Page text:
Two coal ash regulation bills are kaput for the present legislative session, but the ideas behind them still have some life after actions taken late last week in the General Assembly.

Thursday, state House Natural Resources and Environment Chairwoman Lynn Smith, R-Newnan, let it be known Rep. Jeff Jones’ coal ash bills — H.B. 377 and H.B. 378 — were not going to make it out of subcommittee in time to pass before the crossover deadline of the end of business Friday.

“Both these bills rest still in the subcommittees because there is still a lot of debate and discussion going on with these bills,” Smith said. She later noted she was hearing a large number of questions from committee members.

“First of all, what I’ve heard is that we’re in no way ready to have a debate on these bills and to call for a vote, because it is very complicated,” she said.

She pointed out H.B. 1028, which passed during the last legislative session, mandates notifying the public if contaminated water from a coal ash pond leaked off the property where it was contained.

“What I’m trying to tell you here is you’ve already done something, and you’re on your way to studying this situation more and to see if there’s more that needs to be done,” Smith said.

She — under her authority as committee chairwoman — appointed an ad hoc study committee to handle the subject going forward. Smith appointed Reps. Buddy Harden, R-Cordele; Chad Nimmer, R-Blackshear; and Chuck Williams, R-Watkinsville to the committee.

Jones, testifying before the committee, said the bills were not advanced because of the violation of laws already on the books.

“There have been no laws broken here in the state of Georgia regarding the handling, treatment, discharge of coal ash,” Jones said. “Georgia Power, in particular — I want to emphasize — has been an excellent corporate citizen. They have exceeded the requirements, they have anticipated the requirements and have moved far ahead of what any law, whether it be federal or state, has required regarding the proper closure of ponds, and/or the receipt of coal ash.”

Jones said what he was trying to do was deal with the massive coal ash volume contained within the state and to notify the public before coal ash enters a community or before dewatering takes place, which could lead to off-site contamination.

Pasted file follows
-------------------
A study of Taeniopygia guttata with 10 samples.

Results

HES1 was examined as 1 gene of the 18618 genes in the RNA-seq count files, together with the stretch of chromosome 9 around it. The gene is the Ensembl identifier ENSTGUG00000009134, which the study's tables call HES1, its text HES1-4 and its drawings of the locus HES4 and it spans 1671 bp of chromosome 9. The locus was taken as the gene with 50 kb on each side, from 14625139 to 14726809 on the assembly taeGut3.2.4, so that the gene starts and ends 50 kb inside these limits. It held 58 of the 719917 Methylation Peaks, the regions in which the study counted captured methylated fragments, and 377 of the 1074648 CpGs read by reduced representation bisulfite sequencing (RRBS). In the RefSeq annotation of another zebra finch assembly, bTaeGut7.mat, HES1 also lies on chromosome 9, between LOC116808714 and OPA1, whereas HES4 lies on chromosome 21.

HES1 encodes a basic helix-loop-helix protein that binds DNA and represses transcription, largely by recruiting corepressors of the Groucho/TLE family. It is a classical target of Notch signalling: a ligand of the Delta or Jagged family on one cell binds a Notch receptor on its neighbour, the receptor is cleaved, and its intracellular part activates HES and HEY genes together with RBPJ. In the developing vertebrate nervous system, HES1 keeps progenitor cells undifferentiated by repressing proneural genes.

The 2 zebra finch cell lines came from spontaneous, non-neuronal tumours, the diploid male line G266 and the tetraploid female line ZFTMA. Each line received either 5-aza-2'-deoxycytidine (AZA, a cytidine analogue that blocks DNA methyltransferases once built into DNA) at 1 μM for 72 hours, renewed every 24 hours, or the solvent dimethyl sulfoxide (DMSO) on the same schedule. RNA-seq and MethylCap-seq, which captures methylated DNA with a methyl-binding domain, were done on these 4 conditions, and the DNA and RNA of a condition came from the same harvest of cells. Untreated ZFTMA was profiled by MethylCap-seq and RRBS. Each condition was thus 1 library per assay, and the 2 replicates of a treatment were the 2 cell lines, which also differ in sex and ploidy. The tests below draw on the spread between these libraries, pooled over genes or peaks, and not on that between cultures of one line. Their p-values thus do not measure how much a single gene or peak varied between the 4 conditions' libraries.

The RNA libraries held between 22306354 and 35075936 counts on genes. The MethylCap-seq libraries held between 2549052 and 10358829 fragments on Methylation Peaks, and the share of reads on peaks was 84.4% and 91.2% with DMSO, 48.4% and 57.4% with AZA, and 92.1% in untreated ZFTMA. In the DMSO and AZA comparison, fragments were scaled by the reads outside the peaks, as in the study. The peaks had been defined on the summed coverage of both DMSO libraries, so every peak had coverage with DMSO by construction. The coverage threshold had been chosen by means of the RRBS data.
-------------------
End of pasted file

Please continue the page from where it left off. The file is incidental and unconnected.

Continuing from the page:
“What has happened in the Jesup community is that community received no prior notification — the public at large, let me clarify — the public at large received no notification of Republic (Services’), the Broadhurst landfill’s intent to begin receiving, as I said, what are massive quantities of coal ash,” Jones said.

State Environmental Protection Division Director Rick Dunn said public notice through local newspapers was not usual procedure for EPD.

“What we offered to Rep. Jones is to make an offer on our website, which we think news would eventually filter down and get to folks through various people,” Dunn said. “If the citizens themselves were not looking at the website, certainly advocacy groups, reporters and things like that would be looking at the website and that information would get down.”

While stating legislators would still be leaving the committee hearing without providing for public notice for coal ash dumping and dewatering, Jones said he realized that creating a new law is a process.

“This is my third year (in the legislature), and I’ve had a number of bills that I’ve tried to work through,” Jones said. “This is a process and I’ve tried to work through, compromise and come up with legislation, if the legislation is even necessary, that clearly solves an identifiable problem.”

He later noted, “We’re at a point where we don’t want another Broadhurst to occur in this state,” and said he looked forward to the study process with the ad-hoc committee in the off-session.